Born in Pittsburgh, Pennsylvania, USA
Died in Woodland Hills, Los Angeles, California, USA  (heart failure)

Mini Bio (1)

Prolific American lyricist, best known for his collaborative efforts with the composer Ralph Rainger. His many popular standards include "Prisoner of Love", "Louise", "Beyond the Blue Horizon", "No Love no Nothing", "Moonlight and Shadows", "My Ideal", "If I Should Lose You", "Blue Hawaii", the 1938 Oscar-winning "Thanks for the Memory" and two numbers fondly remembered for Marilyn Monroe's rendition: "Diamonds Are a Girl's Best Friend" and "A Little Girl from Little Rock" (written for the 1949 original Broadway score of "Gentlemen Prefer Blondes").

Robin was educated at the University of Pittsburgh Law School and Carnegie Tech's drama school. He worked for two years as a newspaperman and then as a publicist. Though his ambition was to be a playwright, he achieved his first measure of success writing hits for Broadway musicals. His 1930 lyrics for the Rainger composition "I'll Take an Option on You" commenced a celebrated partnership. In 1932, the duo joined Paramount in Hollywood as staff composers. Within three years, the innovative Robin had become the favorite lyricist of legendary director Ernst Lubitsch. Through the following decade, first at Paramount then at 20th Century Fox, Robin and Rainger wrote for many of the top singing stars of the period, including Bing Crosby, Alice Faye, and Rita Hayworth. After Rainger's tragic death in a mid-air plane collision in 1942, Robin continued working and enjoyed fruitful collaborations with other prominent composers, including Sam Coslow, Jule Styne and Nacio Herb Brown.

- IMDb Mini Biography By: I.S.Mowis

Spouse (1)

Cherie Volman (? - 29 December 1984) ( his death)

Trivia (1)

Inducted into the Songwriters Hall of Fame in 1972.

Personal Quotes (6)

[on Ernst Lubitsch] He once used a phrase to me that I've never forgotten. I was back in New York, and he he sent for me to come out and fix up some lyrics that some other fellows had written. I'm not going to mention their names, but they were very fine songwriters. When I got out there, I said to Lubitsch, 'Why did you have to send to New York for a guy like me when right here on the Paramount lot you have these great writers?' Lubitsch said, 'I like your style of writing because you don't turn my characters into performers'. Isn't that a great line?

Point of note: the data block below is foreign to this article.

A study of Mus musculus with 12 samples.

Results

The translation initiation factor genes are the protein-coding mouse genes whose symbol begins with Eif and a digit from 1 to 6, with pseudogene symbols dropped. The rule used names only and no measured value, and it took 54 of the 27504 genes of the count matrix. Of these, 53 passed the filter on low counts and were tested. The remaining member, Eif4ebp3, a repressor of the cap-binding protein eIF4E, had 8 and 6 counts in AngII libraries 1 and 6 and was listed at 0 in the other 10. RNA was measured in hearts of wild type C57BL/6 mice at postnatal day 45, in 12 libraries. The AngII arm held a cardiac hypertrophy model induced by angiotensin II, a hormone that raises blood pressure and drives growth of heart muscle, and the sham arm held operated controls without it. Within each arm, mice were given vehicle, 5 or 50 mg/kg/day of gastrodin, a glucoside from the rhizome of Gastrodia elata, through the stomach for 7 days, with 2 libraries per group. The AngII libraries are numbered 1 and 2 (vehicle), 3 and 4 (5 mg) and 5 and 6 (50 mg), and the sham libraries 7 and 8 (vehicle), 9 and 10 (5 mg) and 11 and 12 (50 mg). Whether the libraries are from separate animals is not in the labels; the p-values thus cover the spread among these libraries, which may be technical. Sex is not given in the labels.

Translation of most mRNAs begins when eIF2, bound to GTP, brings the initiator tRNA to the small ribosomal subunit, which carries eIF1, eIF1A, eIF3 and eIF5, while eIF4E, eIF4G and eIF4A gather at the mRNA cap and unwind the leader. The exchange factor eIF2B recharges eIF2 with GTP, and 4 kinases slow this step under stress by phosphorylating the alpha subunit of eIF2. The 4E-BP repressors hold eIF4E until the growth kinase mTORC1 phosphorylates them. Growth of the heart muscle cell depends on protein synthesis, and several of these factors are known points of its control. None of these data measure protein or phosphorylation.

The song of today appeals mostly to just one section of the public. It's aimed at the young, it expresses feelings of the young, and the young can identify. But the over-thirty people can't. I'm sure you can't fault these kids for their attitudes. Not the way you could fault some hack Tin Pan Alley songwriter back in 1925 who was writing second-rate mechanical songs about how sweet it would be to be back in dear old Dixie with his dear old mammy or his lovely little tootsie-wootsie baby. He was peddling a totally false picture.
[on the song 'Thanks for the Memory'] The censor at Paramount came to me and said, 'Leo, you can't say "That weekend in Niagara when we never saw the falls". Uh-uh.' So I said, 'Okay, what can I say?' He comes back after a while and says, 'Say "That weekend at Niagara when we hardly saw the falls'. Which is dirtier, I think.
One day Ralph [Rainger] came in and said, 'I hit on a little jingle tune, maybe you'll like it'. He started to play this thing, one of those kind of bouncy schottisches, and I said, 'Let me think about it', and as usual, I went out and started to walk around the Paramount lot. That was the way I used to concentrate during the day. When I came back, I said, 'Gee, I've got a great title' - no, I never said that, because I never thought any of those things were great. In fact, my dear wife used to say, if I had the Number One song on the Hit Parade - I would still say, 'Well, if they'd given me more time, I could have done it better'. So I just said, 'It's 'June in January'. Ralph said, 'You'te crazy - 'June in January'?' ...Well, now, whenever the weather out here gets unusually hot in January, all the headlines use the phrase ''June-in-January weather'.
In those days [1928] if the girl in the picture was named Susie, you wrote a song called 'Susie'. Well, the song in this picture ['Innocents of Paris'] happened to be Louise. Se we called the song 'Louise'. Incidentally when 'Louise' became a hit, one of the trade papers ran a list of the hit songs of the week, and they topped it with 'Louise'. But through a typo they left the 'i' out, so it was billed as 'Louse'.
[on meeting Richard Whiting, a future long-time song collaborator] I walked into Max Dreyfus' office one day and he said, 'How would you like to go to Hollywood?'. Well, I was footloose and free, unmarried as yet, and I said, 'Sure.' Well he said, 'You're going to write with a guy named Dick Whiting'. Well I nearly fell over, because to me - practically a beginner in the business - the name of Richard Whiting had a prestige and a glamor and an aura that floored me. ..So I get to the Sherman Hotel, and I don't even know what Dick looks like. There I am in the lobby, and it suddenly dawned on me to have him paged. Pretty soon, a bellboy brings Dick over and says, 'Mr. Robin, meet Mr. Whiting'. Here we are, two strangers, introduced by a bellboy!